FORVM`s Classical Numismatics Discussion Board

Numismatic and History Discussions => Ancient Coin Forum => Topic started by: Dmitriy B on May 12, 2019, 04:39:53 pm



Title: Making the bronze coins shine.
Post by: Dmitriy B on May 12, 2019, 04:39:53 pm
Hello guys,

Please excuse if this has been covered before but I couldnít pull anything up in search.

I recently got into Roman coin cleaning/collecting (buying ďuncleaned coinsĒ and cleaning them up). The typical process so far is; distilled water soak, a gentle rub down with acetone, more distilled water soaking, diamond dusted fine tip trolls for removing the dirt, complete drying and application go Renaissance Wax. The issue I have is, when the final product dries, and the Wax settles in the bronze coin becomes very dull. Is there a way, for display purposes, to give coins a little shine? (I know one restoration expert mentioned using a silver polishing cloth, which I havenít tried yet). Any tips or suggestions?

Thank you in advance!


Title: ancient philosopher
Post by: JBF on May 12, 2019, 05:17:59 pm
Usually a layer of patina is preferred for bronze coins (oxidization).
1 A good patina "looks good."
2 An authentic (looking) patina helps reassure collectors that the coin is authentic.
3 A patina (oxidization layer) protects the coin.

Wanting to have bronze coin shine like a new copper penny (1 cent), is going to put the experienced collector on edge.
To an experienced collector it doesn't look "real."  They just don't come that way unless someone has aggressively removed the patina, or if there never was a patina on it in the first place (because it is a modern forgery).  Generally the attitude is to do no harm.  Part of the way you know a coin is authentic, is that it has an authentic patination.  But I don't think even that is a guarantee.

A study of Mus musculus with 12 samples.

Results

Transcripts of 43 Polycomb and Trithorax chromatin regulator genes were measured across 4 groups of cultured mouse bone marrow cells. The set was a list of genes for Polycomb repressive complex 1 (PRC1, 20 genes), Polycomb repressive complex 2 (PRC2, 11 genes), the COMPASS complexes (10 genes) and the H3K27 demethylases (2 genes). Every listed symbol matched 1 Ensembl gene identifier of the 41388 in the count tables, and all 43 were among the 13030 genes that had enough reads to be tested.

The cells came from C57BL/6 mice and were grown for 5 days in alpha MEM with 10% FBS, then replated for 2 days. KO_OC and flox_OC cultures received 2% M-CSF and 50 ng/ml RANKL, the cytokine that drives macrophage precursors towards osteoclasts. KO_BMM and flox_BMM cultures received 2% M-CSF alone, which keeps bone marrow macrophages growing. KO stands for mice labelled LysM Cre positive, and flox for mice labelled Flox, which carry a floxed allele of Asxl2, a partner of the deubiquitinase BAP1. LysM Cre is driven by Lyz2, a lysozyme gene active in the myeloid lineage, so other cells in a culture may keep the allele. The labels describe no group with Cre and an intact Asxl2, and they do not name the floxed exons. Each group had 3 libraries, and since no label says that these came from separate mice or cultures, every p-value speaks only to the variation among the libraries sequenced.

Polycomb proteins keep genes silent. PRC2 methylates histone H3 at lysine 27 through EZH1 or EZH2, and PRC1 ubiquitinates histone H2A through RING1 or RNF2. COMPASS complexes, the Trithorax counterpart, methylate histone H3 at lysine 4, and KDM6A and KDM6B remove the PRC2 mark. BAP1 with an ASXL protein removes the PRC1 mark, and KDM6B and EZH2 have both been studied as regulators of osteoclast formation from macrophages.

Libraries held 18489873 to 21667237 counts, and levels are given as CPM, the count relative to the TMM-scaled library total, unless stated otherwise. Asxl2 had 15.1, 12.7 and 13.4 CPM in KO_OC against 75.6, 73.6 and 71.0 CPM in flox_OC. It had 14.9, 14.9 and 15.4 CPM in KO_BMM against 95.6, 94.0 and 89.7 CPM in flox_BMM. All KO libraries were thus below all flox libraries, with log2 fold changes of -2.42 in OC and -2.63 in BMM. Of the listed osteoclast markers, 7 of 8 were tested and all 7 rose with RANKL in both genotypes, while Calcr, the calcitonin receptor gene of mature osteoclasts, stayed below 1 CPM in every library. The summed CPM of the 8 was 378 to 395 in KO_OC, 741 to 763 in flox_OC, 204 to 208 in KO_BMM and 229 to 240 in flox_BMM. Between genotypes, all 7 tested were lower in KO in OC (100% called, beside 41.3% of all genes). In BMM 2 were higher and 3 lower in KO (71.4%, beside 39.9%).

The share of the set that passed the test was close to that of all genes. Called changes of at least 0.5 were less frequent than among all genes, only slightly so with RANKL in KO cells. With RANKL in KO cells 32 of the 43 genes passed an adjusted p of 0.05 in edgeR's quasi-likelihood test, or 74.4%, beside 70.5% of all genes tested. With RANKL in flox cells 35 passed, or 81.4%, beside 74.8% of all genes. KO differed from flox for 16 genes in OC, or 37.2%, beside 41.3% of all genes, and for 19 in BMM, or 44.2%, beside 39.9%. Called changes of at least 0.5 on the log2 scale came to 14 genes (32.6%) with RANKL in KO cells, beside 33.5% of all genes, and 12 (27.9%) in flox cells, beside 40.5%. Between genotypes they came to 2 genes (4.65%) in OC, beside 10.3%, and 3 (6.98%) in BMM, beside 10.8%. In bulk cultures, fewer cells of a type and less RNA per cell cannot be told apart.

It is possible to craft attractive patinas for bronze coins that due to cleaning, need to be repatinated.  But, it is an art and not something to be dabbled with.  A bad patina job probably looks worse than no patina at all.  If there is a patina job for a coin, the observer has to ask themselves if it was an attempt to cover up a forgery, or is it just a bad patina job?


Title: Re: Making the bronze coins shine.
Post by: Jay GT4 on May 12, 2019, 05:23:04 pm
I don't think he wants it to look like a new penny.  I understand that after cleaning and waxing, coins tend to look dull.  A lot has to do with the condition of the patina that is there.  Each coin is different.  Try buffing the wax with a soft cloth, sometimes that helps.


Title: Re: Making the bronze coins shine.
Post by: Dmitriy B on May 12, 2019, 06:19:46 pm
I don't think he wants it to look like a new penny.  I understand that after cleaning and waxing, coins tend to look dull.  A lot has to do with the condition of the patina that is there.  Each coin is different.  Try buffing the wax with a soft cloth, sometimes that helps.

Thatís precisely it! Iím not looking to remove patina, or make them shine like new bronze. Iím just looking to give the nice patina a shine. (Iíll try the cloth method, thank you).


Title: Re: Making the bronze coins shine.
Post by: PMah on May 12, 2019, 08:50:43 pm
"Don't Mess with It." 

Over-cleaning, over-waxing, over-brushing  -- are all negative.

Today, I saw an over-manipulated coin sell for 50% more than I thought a reasonable collector would bid.  I cannot say the person "over-paid"  .  It was a higher end coin and perhaps the buyer was a  zillionaire.  Perhaps not even a zillionaire,  but a person for whom "$1000" difference is meaningless.

But, I do think the manipulation of the coin affected the price.   I personally think collectors should push back against manipulated coins by letting them pass.  But I know almost no ancient coins are in the same condition as found. 

So, I personally try to not buy manipulated  common ancients.


Title: Re: Making the bronze coins shine.
Post by: otlichnik on May 14, 2019, 03:31:22 pm
Renn wax does lose its shine over time, but a quick buff-up restores it - for a while. 

Any microfibre cloth is fine - including silver polishing cloths.

If you are dealing with bronze coins instead of silver then you don't even need it to be microfibre.  Any soft fabric will do.

I have even buffed-up the wax on bronze coins with a felt wheel on a dremal tool - you use light touch and fairly slow RPM.  Works well if you are buffing up many coins.

SC


Title: Re: Making the bronze coins shine.
Post by: Dmitriy B on May 15, 2019, 06:13:05 pm
Thank you guys for very useful information!